Cupertino (CA) - Apple today announced refreshed iMacs and is offering an unannounced Intel processor as part of the package: The systems can be ordered with the 45 nm Core 2 Duo Extreme X9100, processor, which is expected to officially launch with Intel’s Montevina refresh. Once again, Apple has the privilege to offer a faster processor than what PC vendors are selling today.
You have to admit, there is a certain pattern. A little over a year ago, Apple announced the availability of an Intel 3.0 GHz quad-core-processor, which, at the time, was not officially announced and appeared to be exclusive to Apple back then. When we asked Intel about this "special" CPU, which turned out to be the Xeon X5365, we were told that the chip was shipping in "limited" quantities.
The Core 2 Duo Extreme X9100 seems to be another "limited quantity" CPU, as Apple has begun offering this processor for its new iMacs today. The reason for the availability of this processor may be that Apple is simply faster at adopting new processors and its design refreshes have been timed perfectly, but there is clearly the impression that Apple has some privileges over other PC manufacturers - and we can’t imagine that HP and Dell are happy about the fact that Apple can be officially shipping and unannounced Intel product.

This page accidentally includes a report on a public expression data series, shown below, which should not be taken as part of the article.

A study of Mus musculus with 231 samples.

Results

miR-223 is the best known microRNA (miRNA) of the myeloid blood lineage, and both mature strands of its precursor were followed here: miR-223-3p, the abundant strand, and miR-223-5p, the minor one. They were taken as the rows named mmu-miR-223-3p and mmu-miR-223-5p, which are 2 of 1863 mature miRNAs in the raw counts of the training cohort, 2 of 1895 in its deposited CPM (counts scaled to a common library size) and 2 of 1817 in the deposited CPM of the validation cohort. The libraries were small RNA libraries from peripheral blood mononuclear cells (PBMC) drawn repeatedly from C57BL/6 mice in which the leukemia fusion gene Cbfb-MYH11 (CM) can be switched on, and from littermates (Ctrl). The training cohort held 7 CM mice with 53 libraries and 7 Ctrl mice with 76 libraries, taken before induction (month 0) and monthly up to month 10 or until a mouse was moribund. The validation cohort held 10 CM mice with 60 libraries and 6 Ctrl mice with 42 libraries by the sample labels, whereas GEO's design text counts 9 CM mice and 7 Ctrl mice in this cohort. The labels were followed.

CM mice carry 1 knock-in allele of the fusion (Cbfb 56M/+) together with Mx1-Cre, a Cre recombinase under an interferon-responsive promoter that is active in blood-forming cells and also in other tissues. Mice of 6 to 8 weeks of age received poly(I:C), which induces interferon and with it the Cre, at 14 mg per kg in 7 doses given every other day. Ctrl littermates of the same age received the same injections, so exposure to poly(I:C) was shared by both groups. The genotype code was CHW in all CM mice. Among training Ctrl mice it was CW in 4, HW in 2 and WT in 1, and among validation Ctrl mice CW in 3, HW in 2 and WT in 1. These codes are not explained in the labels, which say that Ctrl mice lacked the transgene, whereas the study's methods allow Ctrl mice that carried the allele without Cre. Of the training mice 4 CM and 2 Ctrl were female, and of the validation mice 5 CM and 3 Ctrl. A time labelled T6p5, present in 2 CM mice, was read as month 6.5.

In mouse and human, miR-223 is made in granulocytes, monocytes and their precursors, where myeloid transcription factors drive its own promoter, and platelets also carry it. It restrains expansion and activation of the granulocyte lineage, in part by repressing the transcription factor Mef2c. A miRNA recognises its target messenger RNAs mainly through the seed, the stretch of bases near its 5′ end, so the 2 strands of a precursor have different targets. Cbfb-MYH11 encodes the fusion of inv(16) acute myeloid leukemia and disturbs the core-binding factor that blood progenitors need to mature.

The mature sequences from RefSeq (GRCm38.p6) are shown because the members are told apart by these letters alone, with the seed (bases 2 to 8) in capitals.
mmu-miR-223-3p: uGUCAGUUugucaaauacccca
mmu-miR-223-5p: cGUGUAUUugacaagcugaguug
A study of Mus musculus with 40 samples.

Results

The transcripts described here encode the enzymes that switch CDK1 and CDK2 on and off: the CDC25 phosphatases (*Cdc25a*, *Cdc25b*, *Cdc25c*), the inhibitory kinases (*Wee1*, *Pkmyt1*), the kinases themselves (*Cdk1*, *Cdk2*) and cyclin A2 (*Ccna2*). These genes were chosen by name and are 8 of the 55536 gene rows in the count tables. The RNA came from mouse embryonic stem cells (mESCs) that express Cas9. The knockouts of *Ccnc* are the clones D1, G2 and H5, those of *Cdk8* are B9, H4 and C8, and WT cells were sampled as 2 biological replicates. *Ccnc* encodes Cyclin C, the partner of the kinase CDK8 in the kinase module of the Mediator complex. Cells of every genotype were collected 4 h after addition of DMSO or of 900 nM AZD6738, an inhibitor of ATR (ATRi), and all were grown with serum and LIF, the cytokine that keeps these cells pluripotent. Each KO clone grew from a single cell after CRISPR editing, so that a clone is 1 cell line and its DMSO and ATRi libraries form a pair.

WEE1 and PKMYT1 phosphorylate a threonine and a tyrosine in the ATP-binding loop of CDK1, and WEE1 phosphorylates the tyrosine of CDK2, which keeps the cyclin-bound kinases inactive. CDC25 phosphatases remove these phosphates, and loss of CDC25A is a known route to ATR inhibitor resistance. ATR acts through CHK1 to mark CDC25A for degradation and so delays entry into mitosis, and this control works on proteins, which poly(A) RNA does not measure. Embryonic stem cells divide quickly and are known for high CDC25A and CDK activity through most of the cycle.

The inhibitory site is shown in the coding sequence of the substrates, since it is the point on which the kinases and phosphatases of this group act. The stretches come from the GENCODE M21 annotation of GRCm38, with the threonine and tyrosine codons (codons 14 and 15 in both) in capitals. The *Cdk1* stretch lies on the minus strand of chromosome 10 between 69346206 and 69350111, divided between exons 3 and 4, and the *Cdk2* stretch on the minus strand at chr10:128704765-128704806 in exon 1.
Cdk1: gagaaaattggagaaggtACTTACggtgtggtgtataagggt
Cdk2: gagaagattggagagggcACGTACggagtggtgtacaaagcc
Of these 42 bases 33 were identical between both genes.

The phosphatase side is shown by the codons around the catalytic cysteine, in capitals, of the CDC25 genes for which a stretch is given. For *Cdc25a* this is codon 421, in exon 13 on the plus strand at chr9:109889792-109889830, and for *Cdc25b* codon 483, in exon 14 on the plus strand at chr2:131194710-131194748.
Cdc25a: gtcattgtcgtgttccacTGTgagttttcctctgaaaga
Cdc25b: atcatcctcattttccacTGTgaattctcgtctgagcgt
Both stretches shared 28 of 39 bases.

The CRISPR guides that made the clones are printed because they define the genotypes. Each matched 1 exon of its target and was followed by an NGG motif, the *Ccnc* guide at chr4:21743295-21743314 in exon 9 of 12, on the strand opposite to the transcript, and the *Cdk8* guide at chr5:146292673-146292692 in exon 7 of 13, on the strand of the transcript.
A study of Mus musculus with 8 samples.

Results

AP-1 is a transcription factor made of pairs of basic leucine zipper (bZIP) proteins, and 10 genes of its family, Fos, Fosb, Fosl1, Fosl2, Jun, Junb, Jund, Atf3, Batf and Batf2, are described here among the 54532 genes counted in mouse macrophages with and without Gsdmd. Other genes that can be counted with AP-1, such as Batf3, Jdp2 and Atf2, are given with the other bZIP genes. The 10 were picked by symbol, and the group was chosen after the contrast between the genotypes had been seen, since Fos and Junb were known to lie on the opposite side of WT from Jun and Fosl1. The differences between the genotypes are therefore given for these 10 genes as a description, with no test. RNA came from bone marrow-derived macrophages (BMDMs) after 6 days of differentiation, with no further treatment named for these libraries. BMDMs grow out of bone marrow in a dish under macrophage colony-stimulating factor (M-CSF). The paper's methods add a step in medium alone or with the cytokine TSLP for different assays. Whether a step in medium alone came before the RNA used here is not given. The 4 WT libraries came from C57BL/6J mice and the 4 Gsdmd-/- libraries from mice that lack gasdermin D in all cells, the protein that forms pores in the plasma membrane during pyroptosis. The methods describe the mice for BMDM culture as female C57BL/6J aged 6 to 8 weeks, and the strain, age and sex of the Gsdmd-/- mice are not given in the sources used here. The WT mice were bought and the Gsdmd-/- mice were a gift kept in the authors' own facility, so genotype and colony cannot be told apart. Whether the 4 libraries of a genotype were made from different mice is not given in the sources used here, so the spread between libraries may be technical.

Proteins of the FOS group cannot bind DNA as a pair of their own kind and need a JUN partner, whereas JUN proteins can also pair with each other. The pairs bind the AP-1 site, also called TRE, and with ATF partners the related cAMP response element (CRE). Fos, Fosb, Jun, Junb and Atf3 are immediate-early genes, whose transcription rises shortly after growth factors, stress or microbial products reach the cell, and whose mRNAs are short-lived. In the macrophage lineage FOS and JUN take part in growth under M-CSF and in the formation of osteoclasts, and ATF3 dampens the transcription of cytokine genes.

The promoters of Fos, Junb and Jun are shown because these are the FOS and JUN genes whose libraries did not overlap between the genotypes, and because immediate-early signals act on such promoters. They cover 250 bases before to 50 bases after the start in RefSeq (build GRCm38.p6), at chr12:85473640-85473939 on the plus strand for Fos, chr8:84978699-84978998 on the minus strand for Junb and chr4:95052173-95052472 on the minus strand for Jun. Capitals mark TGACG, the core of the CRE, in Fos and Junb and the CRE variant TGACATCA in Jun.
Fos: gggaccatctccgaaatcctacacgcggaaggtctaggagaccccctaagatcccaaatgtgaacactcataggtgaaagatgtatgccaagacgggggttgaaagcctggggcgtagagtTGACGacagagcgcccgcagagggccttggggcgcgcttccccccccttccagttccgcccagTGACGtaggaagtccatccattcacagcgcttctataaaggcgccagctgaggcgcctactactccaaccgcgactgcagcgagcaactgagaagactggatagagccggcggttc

The new iMacs look just like the iMacs introduced in August of last year, but received a solid hardware upgrade across all major components. Processor speeds now reach from 2.4 GHz over 2.66 and 2.8 GHz all the way to the 3.06 GHz X9100 CPU with 6 MB L2 cache and a 1066 MHz FSB. Apple continues to exclusively rely on mobile processors, even if the power consumption increases on the high end. While the mainstream chips 2.4 and 2.66 GHz versions are rated at a thermal design power (TDP) of 25 watts, the 2.8 GHz (T9600) model runs at a 35 watt TDP and the X9100 at 44 watts.
Hardware capacities no go up to 1 TB, while the standard system memory in the base system remains at 1 GB. There are also new graphics card options, including Nvidia’s 8800GS, which is indicated by Apple to transform the iMac into a gaming system. Realistically, this chip has been available in numerous $1000 PCs for some time and is currently Nvidia’s mainstream graphics chip, positioned below the not available 8800 Ultra, 8800 GTX, 8800 GTS and, oddly enough, the specific 8800 GT for Mac.
Pricing remains about the same as before. Apple charges $1200 for the entry-level 20" iMac with a 2.4 GHz processor, 1 GB memory, a 250 GB hard drive and an ATI HD 2400 XT graphics card. The product family tops out at about $2700 for a system with a 3.06 GHz chip, 4 GB of memory, a 1 TB hard drive and an Nvidia 8800 GS graphics card.